June 7, 2021
Scarlet’s whole undeath flashed before her eyes during that trip down Barnaby’s gullet. Her world had always been full of dark and ordinary things, but it was only now, at the end, that she truly appreciated them.
How her bedroom leaked shadows. How Chucky Moldfish greeted her grumpily each morning. The way mold bloomed on walls. The scritch of a quill on paper. All Plainfield’s clatter and quiet. Chunk Jr. and Moldylocks and friendships she might have had. And her mom and dad. The could be so annoying. And so kind. Scarlet grieved it all.
She landed with a squelch on the spongy floor of Barnaby’s stomach. As she struggled to her knees, stomach juice splashed her feet. Scarlet felt herself sway. Barnaby must be moving through the house. For the moment, Scarlet was too curious to panic. She felt about her for something useful, guessing at the objects she touched. Watermelon rind … fish skeleton … squirrel … well, part of a squirrel … zombie?
Amid the sour stomach stench, Scarlet smelled something familiar.
Low Tide No. 5.
“What the fungus!” said a voice in the wet dark. “Is that you, Braindrop?”
“You’re still undead?”
“You betcha, Picklebutt! I just dozed off and didn’t hear you come in. Happy unearthday!”
Scarlet hugged her Grandmother in the squishy dark.
“So how do you like being a grownup so far?” asked Grandma Bone.
“It’s horrible! Chores, lines at the market, my jacket has a tear, my boa is a mess and … wait, what am I saying? What are we going to do?”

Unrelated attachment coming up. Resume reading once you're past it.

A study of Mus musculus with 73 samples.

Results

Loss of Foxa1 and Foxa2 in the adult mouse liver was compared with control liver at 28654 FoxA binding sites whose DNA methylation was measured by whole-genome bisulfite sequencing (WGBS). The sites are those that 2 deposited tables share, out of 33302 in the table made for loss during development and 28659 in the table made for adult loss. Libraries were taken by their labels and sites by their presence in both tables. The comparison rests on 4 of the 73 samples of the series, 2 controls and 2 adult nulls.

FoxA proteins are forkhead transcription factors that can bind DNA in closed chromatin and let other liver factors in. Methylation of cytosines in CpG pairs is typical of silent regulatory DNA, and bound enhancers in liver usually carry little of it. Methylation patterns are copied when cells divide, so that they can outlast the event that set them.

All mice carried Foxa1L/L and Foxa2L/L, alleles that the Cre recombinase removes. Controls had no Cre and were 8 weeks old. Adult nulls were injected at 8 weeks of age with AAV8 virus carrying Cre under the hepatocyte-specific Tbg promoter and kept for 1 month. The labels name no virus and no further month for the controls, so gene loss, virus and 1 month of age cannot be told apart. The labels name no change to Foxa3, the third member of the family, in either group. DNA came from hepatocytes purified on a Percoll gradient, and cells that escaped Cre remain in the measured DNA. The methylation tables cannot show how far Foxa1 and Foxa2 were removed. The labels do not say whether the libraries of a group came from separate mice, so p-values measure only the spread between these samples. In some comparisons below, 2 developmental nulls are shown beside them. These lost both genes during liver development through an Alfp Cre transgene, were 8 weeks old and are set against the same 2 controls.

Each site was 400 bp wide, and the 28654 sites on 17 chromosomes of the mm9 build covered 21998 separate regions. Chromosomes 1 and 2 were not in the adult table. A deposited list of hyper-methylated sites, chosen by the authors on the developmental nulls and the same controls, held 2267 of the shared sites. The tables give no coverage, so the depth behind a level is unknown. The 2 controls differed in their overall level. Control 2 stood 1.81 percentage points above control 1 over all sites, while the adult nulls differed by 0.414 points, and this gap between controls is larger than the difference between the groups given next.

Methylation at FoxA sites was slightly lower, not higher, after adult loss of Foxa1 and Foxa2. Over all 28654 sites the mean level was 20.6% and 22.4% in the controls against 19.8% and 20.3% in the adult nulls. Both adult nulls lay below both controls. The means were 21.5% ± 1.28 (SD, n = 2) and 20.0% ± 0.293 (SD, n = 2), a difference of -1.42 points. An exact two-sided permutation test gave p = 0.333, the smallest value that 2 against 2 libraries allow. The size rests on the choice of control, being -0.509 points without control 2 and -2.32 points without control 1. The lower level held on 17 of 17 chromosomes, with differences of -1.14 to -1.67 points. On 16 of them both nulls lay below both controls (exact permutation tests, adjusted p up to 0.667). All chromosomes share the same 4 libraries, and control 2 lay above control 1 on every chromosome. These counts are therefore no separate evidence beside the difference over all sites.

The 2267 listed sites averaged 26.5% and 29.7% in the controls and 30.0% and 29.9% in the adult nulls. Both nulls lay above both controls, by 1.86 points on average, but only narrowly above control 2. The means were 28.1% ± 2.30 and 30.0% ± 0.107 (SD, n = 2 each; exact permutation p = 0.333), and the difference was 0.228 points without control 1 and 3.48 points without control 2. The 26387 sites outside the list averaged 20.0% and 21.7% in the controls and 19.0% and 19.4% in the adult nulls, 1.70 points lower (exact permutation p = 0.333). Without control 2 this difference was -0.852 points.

“I don’t know, Scardy Girl. Whatcha got in mind?”
“Me? I thought you would have an idea!”
“Hmm. Let me think for a minute.” Grandma Bone was silent for about two seconds. “I got it.”
“Yes,” Scarlet leaned in closer.
“Ow!” Scarlet felt a finger poke her chest. “I think Pokey got out.”
“No, that’s me,” said Grandma Bone.
“What’s your answer?”
“That’s it. And who’s Pokey?”
“Your answer to getting us out of here is to poke me? He’s a stray. A friend, I mean.”
“Ah. Maybe he can help. You gotta stop thinking with your head.” Grandma Bone poked Scarlet’s forehead. “And think from HERE.” She poked Scarlet’s chest again. From the inside. From your dead center.”
Scarlet was skeptical. “How?”
“Just let the answer happen,” said Grandma Bone. “Is that the cloak I felt? I don’t remember it having feathers.”
“It’s a feather boa I got today,” said Scarlet.
“That’s a nice touch. It’s a good cloak, but it needed some modernizing.”
“Well, it was a feather boa.” Scarlet pictured herself and suddenly started to giggle. The cloak now smelled like wolf stomach, as well as squirrel pee. Her boa was a limp string of damp feathers. Her hair a sodden tangle. Her nosehole a snot factory. Her shoes shorn of sequins. She shook with laughter.
“What is it, Scarlet?” asked Grandma.
“I was just imagining what the Threadheads would think if they saw me,” she gasped. “They’d hurl.” Grandma Bone started to laugh and the two held each other, shaking at the absurdity of it all.
Suddenly Scarlet shouted, “Grandma! That’s it!”